Two years ago he was a long-haired biker look-alike working undercover in Vancouver's drug scene.
Today, as the new assistant director of UBC Campus Security, Mike Sheard is more interested in community policing than busting dope dealers.
"Our goal is meeting the needs of the members of this community," says Sheard, who joined the department in December.
"It's a service we're selling here and we're open for business."
Sheard comes to the job with a wide range of skills including problem-oriented policing, crime prevention through environmental design, and more than 20 years of service as a police officer.
He has worked as a child abuse investigator, a First Nations and East Indian liaison officer, a crime prevention consultant and an instructor.
His task is to direct UBC's team of 40 security officers in policing the campus community of some 50,000 students, staff and faculty, working and living in almost 500 buildings.
UBC's ratio of officers to the community is about standard for policing in Canada, says Sheard.
"We have a tremendous amount of expertise to bring to this community," he says. "Our officers know this place like the back of their hand."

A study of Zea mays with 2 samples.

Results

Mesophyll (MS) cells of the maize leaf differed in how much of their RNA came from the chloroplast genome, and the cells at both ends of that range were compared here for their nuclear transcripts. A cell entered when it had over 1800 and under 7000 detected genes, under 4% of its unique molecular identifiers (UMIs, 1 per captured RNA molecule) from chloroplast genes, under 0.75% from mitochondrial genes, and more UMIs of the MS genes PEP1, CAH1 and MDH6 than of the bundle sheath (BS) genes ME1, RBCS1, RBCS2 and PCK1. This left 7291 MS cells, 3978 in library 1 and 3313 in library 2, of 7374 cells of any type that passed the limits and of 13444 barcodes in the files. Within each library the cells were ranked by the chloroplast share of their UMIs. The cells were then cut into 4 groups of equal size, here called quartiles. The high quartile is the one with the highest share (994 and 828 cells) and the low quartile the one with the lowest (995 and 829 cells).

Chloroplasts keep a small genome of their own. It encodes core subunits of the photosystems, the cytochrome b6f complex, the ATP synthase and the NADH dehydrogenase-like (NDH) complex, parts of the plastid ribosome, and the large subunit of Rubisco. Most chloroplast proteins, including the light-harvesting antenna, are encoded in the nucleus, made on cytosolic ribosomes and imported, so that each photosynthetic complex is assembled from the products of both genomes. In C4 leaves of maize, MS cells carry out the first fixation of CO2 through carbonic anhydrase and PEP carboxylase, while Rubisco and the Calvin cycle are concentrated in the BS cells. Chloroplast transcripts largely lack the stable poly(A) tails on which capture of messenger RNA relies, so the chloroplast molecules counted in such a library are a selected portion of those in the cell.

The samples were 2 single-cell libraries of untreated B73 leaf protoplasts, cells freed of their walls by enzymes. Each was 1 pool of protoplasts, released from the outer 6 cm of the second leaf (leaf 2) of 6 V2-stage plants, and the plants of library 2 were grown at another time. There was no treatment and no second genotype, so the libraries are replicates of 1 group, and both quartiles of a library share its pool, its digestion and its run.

Community outreach is key to Sheard's service goals. Campus Security will work with the local detachment of the RCMP in delivering safety programs, such as bicycle safety sessions at University Hill School.
Department members currently participate in community crime prevention workshops at UBC on topics such as violence in the workplace, crisis intervention and robbery prevention.
Sheard also has plans to develop a course on defense against rape and aggressive behaviour.
"These days personal safety is the public's biggest policing concern," he says. "We want to heighten our visibility and communication to let people know we are concerned and actively looking out for them."
Addressing a departmental staff survey on UBC's policing needs was one of Sheard's first tasks. Topping the list was more training for Campus Security officers. The entire department will be attending two weeks of advanced training at the Justice Institute of B.C., the training centre for the province's emergency personnel.
Sheard is eager to develop the department's systems for analysing data related to security incidents.
"If we study how, when and why crimes occur we can determine risk and put together prevention strategies," he says.
Sheard also aims to build the department's expertise in crime prevention through environmental design, which analyses building design, lighting and landscaping to reduce opportunities for crime.
These initiatives expand Campus Security's core activities of patrolling and responding to calls.
Last year, officers answered more than 9,000 calls for security service.